5 Brilliant Mad Themes for Games

One of the things I most love about a games night is really getting into the theme. We always sort out a playlist to match it, which usually ends up being either “Space Disco Classics” or “RPG Tavern Bops.” On a good night you’ll be getting the rousing, homely magic of “Concerning Hobbits” at least 3 times. Heck, we’ve even been known to dress up or match food and drinks to the game. TLDR: I love a good theme. But sometimes a theme is so mad, so insane that not only is it tricky to get a playlist, it’s hard to even imagine how the game works. For your reading pleasure, here are 5 such games…


Want to be a giant frog floating around in space, digesting planets and knocking other space frogs back in time? Well, finally FINALLY you can in this truly psychedelic game experience. Now, in fairness to Cosmic Frog, it’s not that hard to find a playlist for it; this game is a pure 70s style trip, from the art to the gameplay. I’ve played it twice, without googling it again here is what I remember of the game; We are all giant frogs with weird powers (think Cosmic Encounter-style alien powers) There is some giant asteroid or planet or something that we are trying to digest, and then you have to regurgitate it up again in your own special frog den. The more you have regurgitated, the more powered up you get, but other space frogs can and will enter your den and start eating your vomit lands. When you fight you get sent through time. Is that right? I didn’t really know what I was doing in my play-throughs of this game (does it show?) but for a fun mad time with lovely art where you won’t know what is happening, wave hello to Cosmic Frog.


Repent, sinner! You won’t struggle to find games set in medieval Britain, ones where you are a powerful knight, a noble Lord, or at least some sort of farmer. Here though, you get to be a “Medieval Pardoner” a real thing from ye olde days where people would hawk out fake “Pardons” for various sins to those on a pilgrimage to Canterbury so that they would arrive fully absolved. The game is already odd in that it’s a dedicated 3 player game. No more players, no fewer. There can only be 3 medieval pardoners in this game! Play revolves around the 7 deadly sins, you try to tempt Pilgrims into a sin, then sell them the pardon they need for having done that sin. However, if you push a Pilgrim too hard into sins, well, you guessed it, bad news they just died. Fair to say this game doesn’t take itself too seriously but the mad theme shines through and elevates the gameplay well. Want to make a pilgrim so full of envy that they die? This is the game for you.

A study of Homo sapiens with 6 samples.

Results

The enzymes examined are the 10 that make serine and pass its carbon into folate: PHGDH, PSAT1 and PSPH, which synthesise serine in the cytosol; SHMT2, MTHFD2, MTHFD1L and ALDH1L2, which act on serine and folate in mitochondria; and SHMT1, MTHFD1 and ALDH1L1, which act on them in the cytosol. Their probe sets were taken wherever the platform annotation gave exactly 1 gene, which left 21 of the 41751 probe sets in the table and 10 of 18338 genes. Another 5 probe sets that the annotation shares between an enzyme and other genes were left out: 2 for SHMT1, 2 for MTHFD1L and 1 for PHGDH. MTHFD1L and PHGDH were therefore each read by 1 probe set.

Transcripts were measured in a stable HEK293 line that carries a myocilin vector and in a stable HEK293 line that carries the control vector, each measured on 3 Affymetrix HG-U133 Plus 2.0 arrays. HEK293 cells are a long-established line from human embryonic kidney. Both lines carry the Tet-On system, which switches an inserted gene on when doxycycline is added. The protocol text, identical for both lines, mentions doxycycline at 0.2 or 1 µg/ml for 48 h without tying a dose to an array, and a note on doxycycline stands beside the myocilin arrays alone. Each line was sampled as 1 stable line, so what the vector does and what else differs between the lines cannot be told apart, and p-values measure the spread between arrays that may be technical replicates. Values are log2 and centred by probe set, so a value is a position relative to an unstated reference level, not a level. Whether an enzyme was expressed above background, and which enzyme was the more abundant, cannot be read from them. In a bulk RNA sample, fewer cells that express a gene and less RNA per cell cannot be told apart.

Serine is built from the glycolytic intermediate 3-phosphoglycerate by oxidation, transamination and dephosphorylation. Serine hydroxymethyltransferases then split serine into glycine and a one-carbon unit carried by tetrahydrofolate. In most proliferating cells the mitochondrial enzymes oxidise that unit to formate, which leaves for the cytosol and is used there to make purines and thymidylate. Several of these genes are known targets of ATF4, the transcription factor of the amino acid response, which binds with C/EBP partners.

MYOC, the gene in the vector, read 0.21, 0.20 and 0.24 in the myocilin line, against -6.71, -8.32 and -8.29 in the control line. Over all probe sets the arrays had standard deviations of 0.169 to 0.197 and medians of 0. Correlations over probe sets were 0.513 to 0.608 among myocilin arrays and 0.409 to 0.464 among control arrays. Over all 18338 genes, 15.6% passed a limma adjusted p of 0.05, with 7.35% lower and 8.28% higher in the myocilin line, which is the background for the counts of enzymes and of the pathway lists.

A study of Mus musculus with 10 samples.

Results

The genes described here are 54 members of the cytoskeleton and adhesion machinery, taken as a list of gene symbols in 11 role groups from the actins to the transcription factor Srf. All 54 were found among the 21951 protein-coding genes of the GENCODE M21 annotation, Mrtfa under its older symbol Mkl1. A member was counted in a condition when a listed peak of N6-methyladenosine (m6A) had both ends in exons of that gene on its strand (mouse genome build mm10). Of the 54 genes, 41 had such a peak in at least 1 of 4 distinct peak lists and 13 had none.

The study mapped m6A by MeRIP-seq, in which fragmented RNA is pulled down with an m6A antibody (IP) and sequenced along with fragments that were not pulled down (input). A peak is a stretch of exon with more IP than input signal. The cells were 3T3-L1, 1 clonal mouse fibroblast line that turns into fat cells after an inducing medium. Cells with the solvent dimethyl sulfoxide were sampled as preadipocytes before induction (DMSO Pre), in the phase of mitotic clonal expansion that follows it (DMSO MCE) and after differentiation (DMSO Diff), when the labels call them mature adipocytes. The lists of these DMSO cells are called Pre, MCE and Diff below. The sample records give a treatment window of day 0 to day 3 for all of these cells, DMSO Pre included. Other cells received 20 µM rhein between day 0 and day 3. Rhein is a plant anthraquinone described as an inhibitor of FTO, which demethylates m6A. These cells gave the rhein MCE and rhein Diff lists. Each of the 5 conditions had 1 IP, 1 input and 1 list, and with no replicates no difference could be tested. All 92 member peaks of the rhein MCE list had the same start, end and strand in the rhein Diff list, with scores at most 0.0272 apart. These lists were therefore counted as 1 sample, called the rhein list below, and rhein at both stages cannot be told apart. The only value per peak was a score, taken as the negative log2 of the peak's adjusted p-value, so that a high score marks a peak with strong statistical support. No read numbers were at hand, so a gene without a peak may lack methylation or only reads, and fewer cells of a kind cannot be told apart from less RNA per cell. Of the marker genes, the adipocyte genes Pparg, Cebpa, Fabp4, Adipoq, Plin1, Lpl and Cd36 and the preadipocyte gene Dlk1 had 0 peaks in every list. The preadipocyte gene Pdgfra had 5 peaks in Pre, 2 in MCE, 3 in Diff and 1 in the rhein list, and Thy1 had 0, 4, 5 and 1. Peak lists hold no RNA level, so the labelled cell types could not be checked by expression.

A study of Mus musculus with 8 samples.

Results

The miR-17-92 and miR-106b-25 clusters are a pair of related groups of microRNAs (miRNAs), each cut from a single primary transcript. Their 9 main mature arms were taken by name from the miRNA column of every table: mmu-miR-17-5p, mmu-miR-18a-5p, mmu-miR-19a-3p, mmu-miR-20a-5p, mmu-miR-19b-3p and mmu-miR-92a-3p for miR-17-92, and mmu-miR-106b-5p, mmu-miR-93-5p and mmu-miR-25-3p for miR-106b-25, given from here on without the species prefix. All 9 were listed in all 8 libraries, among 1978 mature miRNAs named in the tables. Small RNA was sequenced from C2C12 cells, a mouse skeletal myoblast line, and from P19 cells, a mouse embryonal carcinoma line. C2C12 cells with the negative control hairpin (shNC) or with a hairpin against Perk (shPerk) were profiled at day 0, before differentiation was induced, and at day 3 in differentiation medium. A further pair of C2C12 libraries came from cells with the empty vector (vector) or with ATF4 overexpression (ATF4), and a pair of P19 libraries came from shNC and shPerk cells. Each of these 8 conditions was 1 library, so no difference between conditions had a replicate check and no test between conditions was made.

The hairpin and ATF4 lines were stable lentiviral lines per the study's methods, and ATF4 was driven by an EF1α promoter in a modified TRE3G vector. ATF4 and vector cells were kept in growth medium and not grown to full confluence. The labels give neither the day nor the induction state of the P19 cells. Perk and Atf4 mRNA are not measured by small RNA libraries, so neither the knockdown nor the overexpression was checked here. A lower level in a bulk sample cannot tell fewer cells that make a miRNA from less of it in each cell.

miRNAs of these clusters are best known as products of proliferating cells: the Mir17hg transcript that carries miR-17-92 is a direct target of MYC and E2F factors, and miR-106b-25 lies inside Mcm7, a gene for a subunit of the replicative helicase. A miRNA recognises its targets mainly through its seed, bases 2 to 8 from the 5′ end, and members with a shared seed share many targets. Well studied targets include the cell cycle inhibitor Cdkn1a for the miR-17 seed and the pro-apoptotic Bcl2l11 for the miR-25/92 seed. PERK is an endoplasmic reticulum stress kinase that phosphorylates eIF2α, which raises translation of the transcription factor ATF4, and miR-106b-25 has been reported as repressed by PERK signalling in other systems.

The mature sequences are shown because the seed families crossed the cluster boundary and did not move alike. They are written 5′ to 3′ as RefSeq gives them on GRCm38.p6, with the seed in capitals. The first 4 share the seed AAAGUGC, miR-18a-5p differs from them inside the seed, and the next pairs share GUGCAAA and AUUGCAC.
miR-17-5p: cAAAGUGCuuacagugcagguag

NRB fans might recognise this one from a great LET’S PLAY video a year back. It’s my go to quick social deduction game these days. First thing you’ll see is it comes in a great package that looks like a book and the theme, well, you’re racing on carts through the streets of 14th century Bristol to escape the black death. A brilliantly dumb theme that they lean into perfectly by giving everyone “symptom cards” that range from a mild headache to full-on buboes. If you ever get 6 total score on your symptom cards, bad luck, you’ve got the plague and your mission now swings to trying to give everyone else the plague. It plays better with 7 plus players and we always play with the “can have plague from the start” alt rules so, if you want to jump around medieval carts shouting “They definitely have the plague!” at your friends, well, now you can!


Sometimes the title of a game doesn’t represent what it’s about at all, and sometimes, well… In “So You’ve Been Eaten” you’ll be playing either a hapless space miner that has just been eaten by a giant beast or the oesophagus of the beast that has eaten them. If the phrase “refill the stomach track to 7 cards at the start of the beast’s turn” doesn’t get you excited to play this asymmetrical 2 player head-to-head game, then I don’t know what will! The miner has to work to get out the other side of the digestive tract, all whilst collecting crystals, and the beast needs to develop immune responses to have its bacteria digest the miner. A tale as old as time! The rules can be a bit fiddly for such a short game, but if you can stomach that (pun intended) the theme is fantastic.


One of my favourite ever board gaming memories is thanks to this odd party game. It was late evening at the UK Games Expo in Birmingham, people were drifting off to bed, whilst others were looking for one last game to join. They pass our table, what’s this we’re playing? A few cards, a lot of shiny gems and everybody shrieking with anguish or delight as the latest round played out. Come join us! We would say, sit them down then earnestly read them the setting: “In the kingdom of Spamootail, creatures live in perfect harmony… but on the day of the summer solstice, life stones appear on the giant mushrooms surrounding the small town of Crossing…” We’d spin out a big tale of why we, as gnomes and pixies, need to find these giant mushrooms and harvest these stones. Then we’d explain the rules which is genuinely just, you point at some gems, if no one else points at those gems, you get them. A simple, stupid, riot of a late night game with no need for such an elaborate, stupid backstory about mushrooms but we loved pretending to deeply care about Spamootail as we pointed at things into the night.

Written by Tom Bell.

If you want to pick up any of these games, check if they’re in stock at Zatu. Buying them there supports No Rolls Barred via our affiliate partnership. Read more here.